Dubai: Pakistani expatriate Bashir Ahmad Khan, now 74, is especially sentimental about this Ramadan. As a young man in his 30s, he had first come to the UAE in the Ramadan of 1972, less than a year after the country was founded. Now, in the ‘Year of the 50th’ anniversary of the UAE, Bashir is returning home for good in a week’s time, right after completing his last Ramadan here.
Bashir lived with his wife in the UAE from 1987 till 2015 and is now looking forward to re-joining his family back home. He has three grown-up children — two sons and a daughter.
Far from home
Bashir, a retired ship captain who has held several offshore and onshore roles over his nearly five-decade career, started his life in the UAE as a labourer. His journey began from his hometown of Hajira in north Pakistan’s Poonch area. He was willing to do any job and the idea of working in a new country — the UAE — appealed to him. After a 1,200km train ride to Karachi in southern Pakistan, Bashir set off in a “launch” (small wooden boat) to seek his living.
The seas were rough during his five-day voyage (for which he paid 300 Pakistani rupees), but there was another challenge awaiting him on the shores of the Arabian Gulf — Bashir had no passport or any other identity document. He arrived at the seaside area of Dibba Al Bayah, an enclave of Oman right next to Dibba in the UAE. Technically, he had ended up in the wrong country!
Finally in Dubai
“The police met me and after hearing my story, took me in their Land Rover off-roader to the nearby border of Ras Al Khaimah, which had not yet joined the UAE federation. I went to a market there and met some Pakistanis. I told them I wanted to go to Dubai and one man said he would drive me there,” recalled Bashir.
In Dubai, Bashir knew where he had go — Qadir Hotel in Deira, run by a businessman from Khan’s area back home. After a brief complimentary stay, Khan would line up alongside other labourers to find work at construction projects. He was working as a daily wager, a “sand leveller” and carpenter, earning 10 rupees (the currency used back then in the UAE). One day, “a Spanish man called Gordon, from [a multinational marine services firm]” asked Bashir if he would like to be part of a ship crew. Bashir said yes to him.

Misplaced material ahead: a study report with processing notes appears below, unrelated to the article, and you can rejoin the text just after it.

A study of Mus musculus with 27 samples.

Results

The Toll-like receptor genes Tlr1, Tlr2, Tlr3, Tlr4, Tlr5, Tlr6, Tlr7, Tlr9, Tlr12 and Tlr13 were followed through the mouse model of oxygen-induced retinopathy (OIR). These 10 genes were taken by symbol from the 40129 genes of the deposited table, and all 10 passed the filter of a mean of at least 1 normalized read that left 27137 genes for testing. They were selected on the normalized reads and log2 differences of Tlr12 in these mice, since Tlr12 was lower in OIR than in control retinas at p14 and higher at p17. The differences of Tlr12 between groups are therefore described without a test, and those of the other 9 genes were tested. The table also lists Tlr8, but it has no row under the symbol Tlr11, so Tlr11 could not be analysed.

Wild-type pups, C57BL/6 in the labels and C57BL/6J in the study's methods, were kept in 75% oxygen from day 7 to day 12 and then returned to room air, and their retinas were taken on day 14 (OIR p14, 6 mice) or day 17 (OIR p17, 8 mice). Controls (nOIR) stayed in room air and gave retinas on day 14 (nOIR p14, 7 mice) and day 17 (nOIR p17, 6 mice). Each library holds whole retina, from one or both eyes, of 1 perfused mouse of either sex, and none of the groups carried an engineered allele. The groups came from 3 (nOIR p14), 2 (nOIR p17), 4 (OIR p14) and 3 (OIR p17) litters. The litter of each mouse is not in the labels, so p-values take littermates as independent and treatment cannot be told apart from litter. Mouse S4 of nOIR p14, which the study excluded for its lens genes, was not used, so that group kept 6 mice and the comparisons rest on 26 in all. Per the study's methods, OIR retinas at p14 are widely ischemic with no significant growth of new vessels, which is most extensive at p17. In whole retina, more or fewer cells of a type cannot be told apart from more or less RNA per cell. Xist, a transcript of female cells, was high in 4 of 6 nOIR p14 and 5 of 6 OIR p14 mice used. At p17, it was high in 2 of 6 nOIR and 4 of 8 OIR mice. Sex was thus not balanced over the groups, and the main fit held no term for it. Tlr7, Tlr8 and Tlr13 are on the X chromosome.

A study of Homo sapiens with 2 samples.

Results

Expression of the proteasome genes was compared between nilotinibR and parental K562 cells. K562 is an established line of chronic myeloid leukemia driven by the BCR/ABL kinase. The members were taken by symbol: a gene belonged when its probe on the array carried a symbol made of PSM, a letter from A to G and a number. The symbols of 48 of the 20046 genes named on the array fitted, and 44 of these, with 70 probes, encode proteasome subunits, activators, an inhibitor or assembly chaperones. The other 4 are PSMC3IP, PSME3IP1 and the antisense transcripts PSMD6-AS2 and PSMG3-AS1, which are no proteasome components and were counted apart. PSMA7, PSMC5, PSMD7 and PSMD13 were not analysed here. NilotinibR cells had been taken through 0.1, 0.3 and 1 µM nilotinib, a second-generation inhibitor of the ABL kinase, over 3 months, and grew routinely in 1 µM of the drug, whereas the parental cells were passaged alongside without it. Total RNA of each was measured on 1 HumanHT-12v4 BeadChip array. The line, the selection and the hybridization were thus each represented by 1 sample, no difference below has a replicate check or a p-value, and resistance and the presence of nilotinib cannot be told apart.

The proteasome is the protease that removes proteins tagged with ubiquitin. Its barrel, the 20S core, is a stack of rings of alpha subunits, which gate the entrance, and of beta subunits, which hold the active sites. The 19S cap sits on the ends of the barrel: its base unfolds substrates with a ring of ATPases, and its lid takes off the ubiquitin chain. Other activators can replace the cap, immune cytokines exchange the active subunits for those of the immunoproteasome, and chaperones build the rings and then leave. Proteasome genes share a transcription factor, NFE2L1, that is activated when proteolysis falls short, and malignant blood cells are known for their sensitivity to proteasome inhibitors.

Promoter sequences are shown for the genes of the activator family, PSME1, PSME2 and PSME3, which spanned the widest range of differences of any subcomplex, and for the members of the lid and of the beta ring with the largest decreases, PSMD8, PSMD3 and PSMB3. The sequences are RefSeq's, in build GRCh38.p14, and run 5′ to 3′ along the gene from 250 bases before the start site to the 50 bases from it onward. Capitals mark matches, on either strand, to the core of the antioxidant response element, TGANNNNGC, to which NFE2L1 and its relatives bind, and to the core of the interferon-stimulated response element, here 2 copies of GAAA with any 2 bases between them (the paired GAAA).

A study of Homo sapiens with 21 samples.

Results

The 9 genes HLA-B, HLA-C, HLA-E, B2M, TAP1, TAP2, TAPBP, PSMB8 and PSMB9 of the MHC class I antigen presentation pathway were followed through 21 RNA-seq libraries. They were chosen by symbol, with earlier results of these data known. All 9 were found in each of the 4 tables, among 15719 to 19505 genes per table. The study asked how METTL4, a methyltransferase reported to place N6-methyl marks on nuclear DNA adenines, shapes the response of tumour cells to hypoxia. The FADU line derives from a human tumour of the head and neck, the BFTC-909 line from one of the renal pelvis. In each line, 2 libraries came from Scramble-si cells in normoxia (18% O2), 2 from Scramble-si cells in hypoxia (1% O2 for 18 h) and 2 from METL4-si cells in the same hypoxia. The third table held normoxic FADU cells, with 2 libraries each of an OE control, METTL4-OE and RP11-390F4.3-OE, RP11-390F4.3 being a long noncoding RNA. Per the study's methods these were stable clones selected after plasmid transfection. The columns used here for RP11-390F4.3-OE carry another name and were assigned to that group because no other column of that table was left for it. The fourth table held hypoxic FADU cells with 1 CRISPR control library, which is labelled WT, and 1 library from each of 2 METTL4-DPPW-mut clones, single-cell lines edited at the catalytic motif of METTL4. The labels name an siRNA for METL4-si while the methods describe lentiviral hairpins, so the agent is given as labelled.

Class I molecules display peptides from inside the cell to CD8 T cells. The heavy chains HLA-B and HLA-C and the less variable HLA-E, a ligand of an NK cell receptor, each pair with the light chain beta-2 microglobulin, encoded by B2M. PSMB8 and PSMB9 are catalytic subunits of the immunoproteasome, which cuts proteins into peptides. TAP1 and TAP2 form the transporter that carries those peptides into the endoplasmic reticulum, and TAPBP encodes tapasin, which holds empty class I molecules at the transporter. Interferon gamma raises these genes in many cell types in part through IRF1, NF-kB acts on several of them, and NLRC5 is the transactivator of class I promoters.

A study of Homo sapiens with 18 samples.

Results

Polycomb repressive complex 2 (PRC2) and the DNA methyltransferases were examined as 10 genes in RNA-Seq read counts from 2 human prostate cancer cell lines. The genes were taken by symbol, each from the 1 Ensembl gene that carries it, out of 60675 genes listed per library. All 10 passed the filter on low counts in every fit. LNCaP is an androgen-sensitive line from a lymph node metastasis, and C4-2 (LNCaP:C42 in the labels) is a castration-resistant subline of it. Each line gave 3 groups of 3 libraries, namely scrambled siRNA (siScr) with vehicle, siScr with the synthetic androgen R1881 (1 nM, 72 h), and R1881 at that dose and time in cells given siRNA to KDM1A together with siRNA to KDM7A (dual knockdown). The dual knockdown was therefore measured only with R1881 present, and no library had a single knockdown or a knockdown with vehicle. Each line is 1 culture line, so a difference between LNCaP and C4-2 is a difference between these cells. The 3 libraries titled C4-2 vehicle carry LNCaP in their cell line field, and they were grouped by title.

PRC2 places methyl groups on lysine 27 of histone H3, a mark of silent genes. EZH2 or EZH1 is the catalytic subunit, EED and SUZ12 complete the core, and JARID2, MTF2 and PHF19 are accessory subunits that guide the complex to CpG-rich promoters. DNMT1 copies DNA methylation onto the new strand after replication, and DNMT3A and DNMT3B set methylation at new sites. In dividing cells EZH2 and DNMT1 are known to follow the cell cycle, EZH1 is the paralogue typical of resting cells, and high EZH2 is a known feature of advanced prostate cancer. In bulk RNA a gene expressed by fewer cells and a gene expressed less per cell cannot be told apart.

Within six months, Bashir worked his way up from a machine and engine oiler to chief engineer of the ship. Bashir comes from a family of technicians in various fields. After another six months offshore, mostly in Saudi Arabian waters, Bashir got pneumonia during a call to port.
“It was the middle of the summer. We had docked in a Saudi town near Kuwait and I was given an out-pass to fly to Dubai because I was so sick. At Dubai airport, immigration officials told me to rest while they looked into my case, as I had no identity documents. I called my company’s public relations officer who came to the airport and gave a guarantee that my paperwork would be in order soon. We applied with the Pakistani Embassy and got a passport, and then a UAE visa. Back then, it was actually easier and faster,” Khan said.
He spent a month recovering in Rashid Hospital, Dubai. After resting for a short while, following his discharge from hospital, Bashir returned to his company, which offered him a new project — working on a ship servicing Dubai’s offshore Fateh Oil Field. After another year in the job, Bashir got a ship captain’s licence and captained a private luxury yacht. He would take guests of the yacht’s owner to islands where they would fish, catch lobsters and enjoy the weekends out at sea.
“I loved working there. My salary was Dh3,000 a month, plus lots of tips from the guests — that was good money in 1978.”
Stepping back from duties
A friend of the yacht’s owner offered Bashir a position at his diving services company, where Bashir worked until recently, when his deteriorating health meant that he had to step back from his duties. Bashir first had open-heart surgery in 1994 and then an angioplasty earlier this year.
“I had a lovely time in the UAE. In my early years here, life was simple and stress-free. We didn’t have shopping malls and mobile phones to keep us up at night. I slept peacefully,” Khan said.
Back then, all of built-up Dubai was just Deira and Bur Dubai on opposite sides of the creek. World Trade Centre was the tallest building in the whole region. Bashir said Dh1 would get you a whole chicken or a taxi ride anywhere within Dubai; and Dh2 would take you to Sharjah in a “sharing taxi”. And rent was only around Dh1,000 a year for an apartment.